Recreational boating is one of the great Florida pastimes. However, disaster can strike at any moment. Since a boating excursion can take you and your passengers far away from the safety of the shore, you must take extra precautions to ensure you can signal for help during an emergency if something goes awry. Our Florida boating accident attorney shares some tips on how you can best communicate a boating emergency while on the water.
The United States Coast Guard has a standardized set of universally recognized visual distress signals (VDS) boaters can use to let other boats in the vicinity know they are dealing with an emergency. The presence of such VDS is required on all recreational vehicles. However, we recommend double-checking that these are present on board before taking a boat out for a spin. We also suggest familiarizing yourself with these before leaving.
The most basic of these is the orange flag, which is the international symbol for distress on the water. When in trouble during the day, hoist an orange distress flag as high up on your vessel as possible—other boaters will be able to see your distress signal from miles away.
Another method of daytime emergency signaling is the orange smoke flare. These handheld devices emit a large cloud of orange smoke, which is easier to spot by day than the traditional red flare. When fired, the orange smoke will linger in the air, giving nearby boaters plenty of time to respond.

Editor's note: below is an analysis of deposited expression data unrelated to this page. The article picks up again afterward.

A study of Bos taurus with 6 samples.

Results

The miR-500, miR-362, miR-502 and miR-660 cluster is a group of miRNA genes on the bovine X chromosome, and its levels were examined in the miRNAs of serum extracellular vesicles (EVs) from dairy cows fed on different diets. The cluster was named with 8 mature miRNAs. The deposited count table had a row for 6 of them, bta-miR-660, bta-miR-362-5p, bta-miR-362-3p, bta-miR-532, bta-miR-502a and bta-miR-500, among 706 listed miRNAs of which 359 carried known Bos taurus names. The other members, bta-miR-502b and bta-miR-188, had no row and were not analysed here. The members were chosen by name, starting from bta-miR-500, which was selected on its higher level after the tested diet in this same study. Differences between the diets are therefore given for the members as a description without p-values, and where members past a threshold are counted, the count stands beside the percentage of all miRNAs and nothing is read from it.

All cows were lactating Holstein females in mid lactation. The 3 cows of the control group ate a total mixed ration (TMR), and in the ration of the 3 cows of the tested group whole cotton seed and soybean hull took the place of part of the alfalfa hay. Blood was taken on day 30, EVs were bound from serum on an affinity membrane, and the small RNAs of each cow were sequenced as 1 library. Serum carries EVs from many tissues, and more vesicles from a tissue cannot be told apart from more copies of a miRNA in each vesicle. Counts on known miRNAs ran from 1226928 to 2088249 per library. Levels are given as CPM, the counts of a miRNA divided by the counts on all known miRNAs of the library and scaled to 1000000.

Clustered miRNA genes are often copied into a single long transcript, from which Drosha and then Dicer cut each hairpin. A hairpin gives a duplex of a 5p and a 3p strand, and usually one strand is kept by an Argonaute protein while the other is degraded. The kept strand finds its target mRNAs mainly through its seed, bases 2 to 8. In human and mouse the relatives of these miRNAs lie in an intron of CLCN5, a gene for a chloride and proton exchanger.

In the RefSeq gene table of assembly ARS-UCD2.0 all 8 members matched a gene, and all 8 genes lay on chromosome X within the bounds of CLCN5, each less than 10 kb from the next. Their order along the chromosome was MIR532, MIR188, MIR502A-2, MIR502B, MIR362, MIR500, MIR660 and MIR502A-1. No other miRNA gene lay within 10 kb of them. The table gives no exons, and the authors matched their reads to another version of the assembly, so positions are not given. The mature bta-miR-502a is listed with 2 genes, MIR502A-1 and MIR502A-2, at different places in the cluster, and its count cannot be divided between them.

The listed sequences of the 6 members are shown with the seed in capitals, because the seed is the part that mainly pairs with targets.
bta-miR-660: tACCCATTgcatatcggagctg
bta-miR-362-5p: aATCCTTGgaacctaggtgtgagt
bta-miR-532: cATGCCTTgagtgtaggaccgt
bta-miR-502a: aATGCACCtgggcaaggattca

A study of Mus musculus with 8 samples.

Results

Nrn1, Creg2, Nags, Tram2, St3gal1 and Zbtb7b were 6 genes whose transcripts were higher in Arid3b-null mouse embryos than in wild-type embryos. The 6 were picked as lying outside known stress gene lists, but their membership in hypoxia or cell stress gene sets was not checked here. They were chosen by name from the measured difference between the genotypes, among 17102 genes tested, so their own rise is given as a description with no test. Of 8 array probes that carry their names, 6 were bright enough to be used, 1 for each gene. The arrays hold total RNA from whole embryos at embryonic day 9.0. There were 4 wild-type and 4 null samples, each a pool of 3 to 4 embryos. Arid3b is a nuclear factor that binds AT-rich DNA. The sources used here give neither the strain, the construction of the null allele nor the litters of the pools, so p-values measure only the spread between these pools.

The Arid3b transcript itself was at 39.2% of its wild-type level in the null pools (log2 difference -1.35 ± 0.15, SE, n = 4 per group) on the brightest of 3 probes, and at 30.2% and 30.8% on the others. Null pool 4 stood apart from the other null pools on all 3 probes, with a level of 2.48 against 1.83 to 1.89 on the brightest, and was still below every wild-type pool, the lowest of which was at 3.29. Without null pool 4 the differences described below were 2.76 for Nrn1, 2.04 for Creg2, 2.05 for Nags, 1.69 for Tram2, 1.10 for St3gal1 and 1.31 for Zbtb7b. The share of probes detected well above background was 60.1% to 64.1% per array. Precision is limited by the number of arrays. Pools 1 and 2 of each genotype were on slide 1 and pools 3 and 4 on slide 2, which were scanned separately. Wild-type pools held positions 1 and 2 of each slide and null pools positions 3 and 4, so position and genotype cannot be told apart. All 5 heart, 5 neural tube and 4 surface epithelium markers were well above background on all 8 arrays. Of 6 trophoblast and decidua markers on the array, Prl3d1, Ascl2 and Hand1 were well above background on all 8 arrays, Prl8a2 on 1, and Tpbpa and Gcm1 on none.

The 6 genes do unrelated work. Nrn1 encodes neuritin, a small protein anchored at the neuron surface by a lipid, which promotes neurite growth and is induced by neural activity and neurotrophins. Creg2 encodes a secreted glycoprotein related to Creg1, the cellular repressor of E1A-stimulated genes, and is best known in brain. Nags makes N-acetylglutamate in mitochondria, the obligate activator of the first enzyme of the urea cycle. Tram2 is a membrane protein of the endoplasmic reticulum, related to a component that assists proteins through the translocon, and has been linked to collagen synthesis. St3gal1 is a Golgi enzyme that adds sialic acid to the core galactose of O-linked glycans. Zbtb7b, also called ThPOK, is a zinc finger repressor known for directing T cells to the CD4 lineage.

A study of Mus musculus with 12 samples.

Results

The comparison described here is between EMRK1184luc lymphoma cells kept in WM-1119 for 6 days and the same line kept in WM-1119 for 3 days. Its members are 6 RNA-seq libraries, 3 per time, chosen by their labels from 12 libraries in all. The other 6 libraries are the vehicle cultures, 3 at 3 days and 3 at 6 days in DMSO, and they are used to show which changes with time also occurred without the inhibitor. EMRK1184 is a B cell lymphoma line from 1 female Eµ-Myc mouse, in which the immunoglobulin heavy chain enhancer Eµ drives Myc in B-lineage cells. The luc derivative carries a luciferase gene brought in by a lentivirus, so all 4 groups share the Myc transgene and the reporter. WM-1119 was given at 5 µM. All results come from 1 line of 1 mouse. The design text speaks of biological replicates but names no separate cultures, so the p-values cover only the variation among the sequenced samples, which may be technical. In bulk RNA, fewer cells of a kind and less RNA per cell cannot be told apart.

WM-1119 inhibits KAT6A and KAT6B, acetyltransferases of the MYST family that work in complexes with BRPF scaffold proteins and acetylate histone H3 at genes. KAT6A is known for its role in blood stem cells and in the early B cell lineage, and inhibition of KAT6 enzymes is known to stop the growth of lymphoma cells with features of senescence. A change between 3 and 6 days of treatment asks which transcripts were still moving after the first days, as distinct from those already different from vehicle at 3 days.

At night, the red flare is the more visible and therefore appropriate VDS. Red flares are very bright but will only burn for several seconds once launched, so use them sparingly. In addition to using a flare, electric signal lights can be used to display a bright, effective signal for an extended period. Before leaving on your trip, check that you have a bright light onboard your vessel and that it is working.
These VDS can save your life. If you see another boat displaying these distress signals, always respond to their call for help.
You might think that having your smartphone on you is protection enough, but cellular devices can be unreliable, especially in remote stretches of water. Having a marine radio as a backup ensures you always have a way to call for help.
Very high frequency (VHF) marine radios are monitored continuously by the Coast Guard. They have special channels that are reserved for emergency distress calls—Channel 16 is the most important.
Another thing to do before taking a boat for a ride is to familiarize yourself with how to use the radio. Never use the emergency channel for any purpose other than a life-threatening emergency, however. Otherwise, you may be penalized.
If you are ever faced with a life-threatening emergency which on a boat, use your VHF radio to make a distress call on Channel 16. “MAYDAY” is the universal term reserved for distress calls, so if you’re in a panic and don’t know what else to say, this term will alert the Coast Guard that you are in trouble and require aid.
The proper procedure for issuing a MAYDAY call on Channel 16 is as follows:
Remembering the proper procedure when under pressure can be tough, so we recommend practicing it a few times before you leave.
If you or someone you love has been injured in a boating accident in Florida, The Pittman Firm, PA can help. Our Panama City personal injury attorney has decades of experience representing boat accident victims and helping them receive just compensation for their injuries. Call now.